Jump to ContentJump to Main Navigation
Builders of a New SouthMerchants, Capital, and the Remaking of Natchez, 1865-1914$
Users without a subscription are not able to see the full content.

Aaron D. Anderson

Print publication date: 2013

Print ISBN-13: 9781617036675

Published to University Press of Mississippi: March 2014

DOI: 10.14325/mississippi/9781617036675.001.0001

Show Summary Details
Page of

PRINTED FROM Mississippi SCHOLARSHIP ONLINE (www.mississippi.universitypressscholarship.com). (c) Copyright University Press of Mississippi, 2020. All Rights Reserved. An individual user may print out a PDF of a single chapter of a monograph in MSSO for personal use.date: 02 April 2020

Merchant Communities

Merchant Communities

Chapter:
(p.40) Chapter 2 Merchant Communities
Source:
Builders of a New South
Author(s):

Aaron D. Anderson

Publisher:
University Press of Mississippi
DOI:10.14325/mississippi/9781617036675.003.0003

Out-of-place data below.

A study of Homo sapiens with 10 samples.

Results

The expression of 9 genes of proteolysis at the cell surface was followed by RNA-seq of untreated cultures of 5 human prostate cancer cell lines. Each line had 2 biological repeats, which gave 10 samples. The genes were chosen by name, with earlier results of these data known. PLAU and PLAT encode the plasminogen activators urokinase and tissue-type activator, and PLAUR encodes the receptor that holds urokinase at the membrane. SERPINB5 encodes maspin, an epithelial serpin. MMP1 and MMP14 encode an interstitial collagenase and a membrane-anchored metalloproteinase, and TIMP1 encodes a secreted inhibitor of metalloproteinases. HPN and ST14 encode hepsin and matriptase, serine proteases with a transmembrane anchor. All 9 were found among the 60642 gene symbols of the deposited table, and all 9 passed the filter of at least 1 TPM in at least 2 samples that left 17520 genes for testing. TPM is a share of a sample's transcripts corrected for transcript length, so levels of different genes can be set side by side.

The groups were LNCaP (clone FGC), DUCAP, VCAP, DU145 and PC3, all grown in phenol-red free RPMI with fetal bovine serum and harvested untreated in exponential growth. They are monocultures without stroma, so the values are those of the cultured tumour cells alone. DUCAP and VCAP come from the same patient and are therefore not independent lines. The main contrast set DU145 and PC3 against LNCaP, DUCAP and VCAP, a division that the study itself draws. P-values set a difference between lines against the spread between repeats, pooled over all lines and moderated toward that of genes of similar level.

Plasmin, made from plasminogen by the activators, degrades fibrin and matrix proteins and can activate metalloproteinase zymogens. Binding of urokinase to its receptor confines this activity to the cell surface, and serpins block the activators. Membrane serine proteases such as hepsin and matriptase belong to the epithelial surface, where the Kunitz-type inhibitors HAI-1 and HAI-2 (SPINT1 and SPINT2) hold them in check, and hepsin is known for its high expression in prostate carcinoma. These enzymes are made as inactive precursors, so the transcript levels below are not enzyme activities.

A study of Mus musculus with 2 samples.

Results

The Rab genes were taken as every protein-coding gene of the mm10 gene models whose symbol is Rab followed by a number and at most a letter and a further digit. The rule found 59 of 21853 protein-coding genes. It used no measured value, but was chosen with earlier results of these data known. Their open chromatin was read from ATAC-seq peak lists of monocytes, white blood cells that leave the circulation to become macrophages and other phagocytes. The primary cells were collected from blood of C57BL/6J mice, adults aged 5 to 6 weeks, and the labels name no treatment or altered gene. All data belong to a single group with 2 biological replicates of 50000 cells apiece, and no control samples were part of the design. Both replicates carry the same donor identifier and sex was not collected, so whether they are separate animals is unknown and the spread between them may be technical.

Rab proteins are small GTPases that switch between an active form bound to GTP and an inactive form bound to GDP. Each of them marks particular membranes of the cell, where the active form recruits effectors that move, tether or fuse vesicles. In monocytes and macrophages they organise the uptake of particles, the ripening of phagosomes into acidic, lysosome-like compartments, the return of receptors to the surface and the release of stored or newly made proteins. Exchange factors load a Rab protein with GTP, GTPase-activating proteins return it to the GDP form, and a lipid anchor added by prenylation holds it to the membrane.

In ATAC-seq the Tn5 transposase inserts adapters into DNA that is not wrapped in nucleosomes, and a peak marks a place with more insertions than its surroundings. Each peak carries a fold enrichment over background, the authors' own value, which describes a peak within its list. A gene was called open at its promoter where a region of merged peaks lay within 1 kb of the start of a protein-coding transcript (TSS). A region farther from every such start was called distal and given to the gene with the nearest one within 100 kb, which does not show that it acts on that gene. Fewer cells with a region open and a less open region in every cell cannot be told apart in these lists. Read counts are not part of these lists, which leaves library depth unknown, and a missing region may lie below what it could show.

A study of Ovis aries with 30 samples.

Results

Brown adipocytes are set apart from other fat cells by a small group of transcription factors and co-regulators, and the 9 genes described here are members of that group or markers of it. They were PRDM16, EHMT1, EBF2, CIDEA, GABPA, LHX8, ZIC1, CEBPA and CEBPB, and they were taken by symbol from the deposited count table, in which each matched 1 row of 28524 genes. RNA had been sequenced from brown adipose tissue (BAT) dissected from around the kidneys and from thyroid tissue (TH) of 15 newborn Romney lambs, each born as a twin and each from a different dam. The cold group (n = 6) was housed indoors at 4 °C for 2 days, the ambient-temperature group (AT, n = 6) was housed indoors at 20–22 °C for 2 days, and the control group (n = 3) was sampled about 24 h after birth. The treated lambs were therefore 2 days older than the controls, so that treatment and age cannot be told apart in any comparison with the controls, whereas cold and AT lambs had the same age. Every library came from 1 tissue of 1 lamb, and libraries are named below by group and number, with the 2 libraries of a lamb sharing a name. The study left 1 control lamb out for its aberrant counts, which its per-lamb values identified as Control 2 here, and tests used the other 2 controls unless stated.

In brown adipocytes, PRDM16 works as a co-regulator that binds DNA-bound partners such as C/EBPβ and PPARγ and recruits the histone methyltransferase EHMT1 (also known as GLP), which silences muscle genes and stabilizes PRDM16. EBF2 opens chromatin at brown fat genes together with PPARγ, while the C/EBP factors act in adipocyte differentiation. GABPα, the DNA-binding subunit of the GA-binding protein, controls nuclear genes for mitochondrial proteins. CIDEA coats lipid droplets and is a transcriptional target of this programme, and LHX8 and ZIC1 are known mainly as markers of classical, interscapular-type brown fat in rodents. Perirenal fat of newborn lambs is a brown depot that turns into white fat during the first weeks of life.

This chapter describes the rise of the postwar business and mercantile class in Natchez. This new breed of merchant-entrepreneurs, which included former Confederate soldiers, Yankee newcomers, and European immigrants, would change the face of Natchez and the New South in the coming years. One common feature of all those who succeeded in the postwar marketplace was that they enjoyed local ties or family relationships to one or more emerging groups in the larger community. Some of the communities were well defined and formed along cultural or religious lines, as in the case of vibrant local communities comprised of immigrant Jewish, Irish, or Italian merchants. Other informal groupings among longtime Americans relied more upon antebellum familial relationships or loose ties engendered by common regional heritage or business connections.

Keywords:   Natchez, Confederates, merchants, entrepreneurs, mercantile class

University Press of Mississippi requires a subscription or purchase to access the full text of books within the service. Public users can however freely search the site and view the abstracts and keywords for each book and chapter.

Please, subscribe or login to access full text content.

If you think you should have access to this title, please contact your librarian.

To troubleshoot, please check our FAQs , and if you can't find the answer there, please contact us.